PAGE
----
Easter Island—And Its Iconic Moai Statues Are Disappearing

Thousands of years ago, an ancient culture discovered the island in the middle of the vast sea. They created a civilization that built more than 1100 Moai statues, many of which were raised kilometers from the quarries with methods that have still captivated scientists. Now, the Island, as well as its enigmatic Moai Statues could disappear from history.

The famous Moai Statues. Image Credit: Shutterstock.

The Easter Island civilization collapsed centuries ago, but their legacy lives on through the countless statues that make it clear how powerful it once was. Scholars believe the Island was inhabited from 300 to 400 AD onward.

Now, experts warn that Easter Island and its enigmatic history, shrouded in countless mysteries, may soon disappear under rising oceans, becoming the latest victim of climate change.

According to experts, in the last few years, ocean waves have begun reaching dozens of ancient Moai statues that were placed strategically hundreds of years ago.

Image Credit: Shutterstock

Troubling times await the island as scientists from the UN have warned that the statues could be engulfed by waves, as sea levels are predicted to rise at least by six feet by the year 2100.

The enigmatic statues, a trademark of Easter Island are believed to have been carved around between 1100 and 1680. Scientists are worried that rising sea levels will erode the island, putting its archaeological treasures at great risk.

No one knows exactly how the ancient culture managed to transport the massive statues into position. But that’s not the only mystery. Scholars still do not know why during the decades after the island was ‘rediscovered’ by Europeans, each statue was systematically topped, nor do we know for sure how the population of Rapa Nui islanders was decimated.

Image Credit: Shutterstock

This worrying news was documented by Nicholas Casey, correspondent of The New York Times in the Andean region, and Josh Haner, photographer of the Times, as they traveled approximately 3600 kilometers from the coast of Chile to observe how the ocean is eroding the monuments of the island.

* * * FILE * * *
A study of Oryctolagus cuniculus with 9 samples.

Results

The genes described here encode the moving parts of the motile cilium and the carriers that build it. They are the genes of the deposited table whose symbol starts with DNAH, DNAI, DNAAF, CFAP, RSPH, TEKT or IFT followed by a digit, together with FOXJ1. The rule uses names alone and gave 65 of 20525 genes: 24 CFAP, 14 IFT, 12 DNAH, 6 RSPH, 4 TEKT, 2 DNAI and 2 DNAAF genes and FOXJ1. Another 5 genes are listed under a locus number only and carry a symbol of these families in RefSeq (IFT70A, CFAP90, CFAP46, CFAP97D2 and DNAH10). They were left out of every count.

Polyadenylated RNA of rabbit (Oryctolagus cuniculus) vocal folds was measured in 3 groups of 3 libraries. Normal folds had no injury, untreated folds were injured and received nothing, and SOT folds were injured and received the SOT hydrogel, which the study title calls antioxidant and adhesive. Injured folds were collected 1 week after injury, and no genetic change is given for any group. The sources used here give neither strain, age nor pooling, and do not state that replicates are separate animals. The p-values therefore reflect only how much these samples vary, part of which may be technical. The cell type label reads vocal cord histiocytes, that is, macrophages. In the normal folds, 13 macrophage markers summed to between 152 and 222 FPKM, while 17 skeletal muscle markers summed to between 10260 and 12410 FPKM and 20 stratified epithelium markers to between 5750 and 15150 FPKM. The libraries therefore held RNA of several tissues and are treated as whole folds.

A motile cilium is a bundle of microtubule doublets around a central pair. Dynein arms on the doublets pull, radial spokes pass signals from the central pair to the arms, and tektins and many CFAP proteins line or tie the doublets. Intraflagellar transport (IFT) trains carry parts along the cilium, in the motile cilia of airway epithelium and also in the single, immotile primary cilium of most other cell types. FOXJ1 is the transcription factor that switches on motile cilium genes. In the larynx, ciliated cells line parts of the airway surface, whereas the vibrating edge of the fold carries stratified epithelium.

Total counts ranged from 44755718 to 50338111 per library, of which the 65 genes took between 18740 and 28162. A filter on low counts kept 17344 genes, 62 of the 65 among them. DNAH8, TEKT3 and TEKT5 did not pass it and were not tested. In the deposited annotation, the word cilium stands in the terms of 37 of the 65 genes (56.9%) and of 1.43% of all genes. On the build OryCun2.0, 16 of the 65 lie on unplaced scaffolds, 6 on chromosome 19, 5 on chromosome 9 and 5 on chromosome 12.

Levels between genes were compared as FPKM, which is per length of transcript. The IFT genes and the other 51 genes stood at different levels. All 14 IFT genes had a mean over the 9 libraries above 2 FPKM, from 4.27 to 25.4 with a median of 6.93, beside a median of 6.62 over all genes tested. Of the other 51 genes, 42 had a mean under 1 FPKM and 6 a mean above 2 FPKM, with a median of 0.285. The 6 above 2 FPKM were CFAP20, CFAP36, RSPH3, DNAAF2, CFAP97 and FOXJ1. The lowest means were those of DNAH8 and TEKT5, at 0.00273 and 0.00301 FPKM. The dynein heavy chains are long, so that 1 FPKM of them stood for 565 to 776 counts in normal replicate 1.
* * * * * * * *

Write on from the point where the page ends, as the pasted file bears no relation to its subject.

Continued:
“You feel an impotency in this, to not be able to protect the bones of your own ancestors,” Camilo Rapu, the head of the indigenous organization that controls Rapa Nui National Park on the island told Mr. Casey. “It hurts immensely.”

Archeologists believe that the hundreds of statues present on Easter Island represent the ancestors of the culture that built them. It is believed that the Polynesians discovered Easter Island around 1,000 years ago.

This island is considered as one of the most remote islands on the surface of the planet. The Island belongs to Chile, which is located some 3,500 kilometers away. A pretty long trip a thousand years ago, don’t you think?

But Easter Island isn’t the only island in danger due to rising ocean levels. According to scientists, many other low-lying Pacific Islands are feeling the effects of climate change and rapid increase in sea levels.

The Marshall Islands and Kiribati coral atolls north of Fiji are on the list of places that are at risk of being devoured by the ocean.

Easter Island is home to nearly 900 Moai statues averaging four meters in height. Their most important and prominent statues are located on the coast. Scientists warn that three of the main Moai statues, Tongariki, Anakena, and Akahanga are at risk of being eroded by rising seas, scientists warn.